January Jobs Report: Few Signs of a Thaw
Salim Furth /
In January, the economy added 113,000 new jobs and the headline unemployment rate dipped to 6.6 percent, according to the Bureau of Labor Statistics. The survey of households shows very good news, namely a large increase in the number of people employed. The employment-population ratio reached 58.8 percent, matching its highest point since 2009. Average hourly earnings rose 1.9 percent since January 2013, handily outpacing inflation.
The survey of employers showed weak job growth for the second straight month. The strongest sector was construction, which added 58,000 jobs despite January’s polar vortex. Revisions showed 34,000 more jobs created in November and December than initially reported.
The mixed report is a reminder that month-by-month surveys are very noisy. The two big events in January – the expiration of unemployment benefits and the cold, snowy weather – would make one reasonably expect a drop in the number of people unemployed and a terrible month for construction. Instead, construction employment surged and the number unemployed was flat.
In January, labor force participation rose to 60 percent, regaining the ground it lost in December. However, participation remains mired in a historic slump. As Casey Mulligan’s research has shown, the significant increase in income replacement policies – welfare – since 2007 have caused labor supply to shrink even as demand has recovered. That’s a problem for economic growth, the federal deficit, and America’s chances of keeping Medicare and Social Security functioning during the Baby Boomer retirement era. But more importantly, it’s a problem for those who are forced to choose between immediate assistance from the government and the hard-won rewards of a working life. Earned success in the workplace builds experience, earning power, and self-respect, and contributes to the well-being of others. Welfare is just a check.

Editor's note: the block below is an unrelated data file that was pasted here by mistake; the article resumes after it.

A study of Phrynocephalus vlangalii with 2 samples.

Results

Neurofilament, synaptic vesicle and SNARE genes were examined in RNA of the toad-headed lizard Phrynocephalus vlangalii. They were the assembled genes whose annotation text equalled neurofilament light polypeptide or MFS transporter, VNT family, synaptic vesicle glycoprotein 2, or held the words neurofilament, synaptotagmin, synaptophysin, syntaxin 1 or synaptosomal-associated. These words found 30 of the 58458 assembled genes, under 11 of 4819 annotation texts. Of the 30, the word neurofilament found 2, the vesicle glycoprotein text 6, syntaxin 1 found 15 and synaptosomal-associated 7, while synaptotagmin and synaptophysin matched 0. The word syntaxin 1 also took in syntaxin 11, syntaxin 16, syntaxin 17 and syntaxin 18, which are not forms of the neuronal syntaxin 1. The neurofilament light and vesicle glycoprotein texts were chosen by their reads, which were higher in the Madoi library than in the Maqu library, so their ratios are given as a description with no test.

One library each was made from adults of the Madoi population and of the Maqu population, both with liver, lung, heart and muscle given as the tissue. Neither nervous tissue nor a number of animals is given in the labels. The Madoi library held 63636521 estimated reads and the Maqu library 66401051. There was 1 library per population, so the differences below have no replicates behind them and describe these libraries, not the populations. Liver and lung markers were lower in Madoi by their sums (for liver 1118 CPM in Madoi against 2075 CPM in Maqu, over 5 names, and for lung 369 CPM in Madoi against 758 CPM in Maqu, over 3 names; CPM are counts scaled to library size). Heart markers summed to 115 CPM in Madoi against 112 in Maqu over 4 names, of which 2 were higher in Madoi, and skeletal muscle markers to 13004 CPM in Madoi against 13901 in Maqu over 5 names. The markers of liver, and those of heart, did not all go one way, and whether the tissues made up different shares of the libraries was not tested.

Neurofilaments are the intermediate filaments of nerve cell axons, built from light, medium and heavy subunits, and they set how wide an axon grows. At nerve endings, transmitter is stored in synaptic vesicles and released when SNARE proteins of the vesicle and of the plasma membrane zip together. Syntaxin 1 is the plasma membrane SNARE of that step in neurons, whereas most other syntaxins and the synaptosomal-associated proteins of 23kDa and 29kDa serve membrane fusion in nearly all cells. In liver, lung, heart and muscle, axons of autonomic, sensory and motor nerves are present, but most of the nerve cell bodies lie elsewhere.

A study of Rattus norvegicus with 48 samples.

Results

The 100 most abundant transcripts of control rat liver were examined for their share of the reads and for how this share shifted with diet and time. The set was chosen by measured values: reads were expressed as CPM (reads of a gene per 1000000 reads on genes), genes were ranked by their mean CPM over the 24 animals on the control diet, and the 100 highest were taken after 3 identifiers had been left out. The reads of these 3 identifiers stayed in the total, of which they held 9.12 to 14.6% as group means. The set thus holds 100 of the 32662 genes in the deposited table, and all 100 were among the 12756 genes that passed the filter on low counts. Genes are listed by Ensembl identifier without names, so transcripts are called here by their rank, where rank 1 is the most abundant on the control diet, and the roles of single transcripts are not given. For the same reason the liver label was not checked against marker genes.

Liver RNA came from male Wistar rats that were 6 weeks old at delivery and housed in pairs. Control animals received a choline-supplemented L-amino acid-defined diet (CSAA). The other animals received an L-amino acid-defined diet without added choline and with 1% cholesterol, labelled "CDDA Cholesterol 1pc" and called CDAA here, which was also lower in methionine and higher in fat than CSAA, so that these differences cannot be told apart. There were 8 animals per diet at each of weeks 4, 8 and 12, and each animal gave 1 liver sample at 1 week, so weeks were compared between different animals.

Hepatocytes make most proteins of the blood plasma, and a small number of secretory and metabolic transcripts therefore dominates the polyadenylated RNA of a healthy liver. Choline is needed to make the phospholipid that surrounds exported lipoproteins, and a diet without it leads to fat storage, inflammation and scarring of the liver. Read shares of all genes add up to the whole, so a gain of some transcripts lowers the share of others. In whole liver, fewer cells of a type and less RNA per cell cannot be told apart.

The Congressional Budget Office’s recent estimate that Obamacare will reduce labor supply so drastically that 2.5 million jobs are destroyed shows how much damage welfare can do to those with low present earning power. Administration defenders have tried to convince themselves to be cheery about Obamacare’s effective taxation of work. But such a reduction in work will unambiguously increase market income inequality and decrease the mobility chances of those affected, directly exacerbating what President Obama himself called “the defining challenge of our time.”
As reports on this BLS report circulate today, keep track of how many journalists and pundits use the words “113,000 jobs created.” It’ll be a lot, because that’s how the word “job” is normally used. Every “job” is the result of labor supply and labor demand meeting in the market. Unfilled vacancies are called “job openings”, not “jobs.” Academics write of “job destruction” when any employment relationship ends. Liberals who have insisted in the last week that “jobs” will not be “destroyed” should be ashamed of their semantic shenanigans.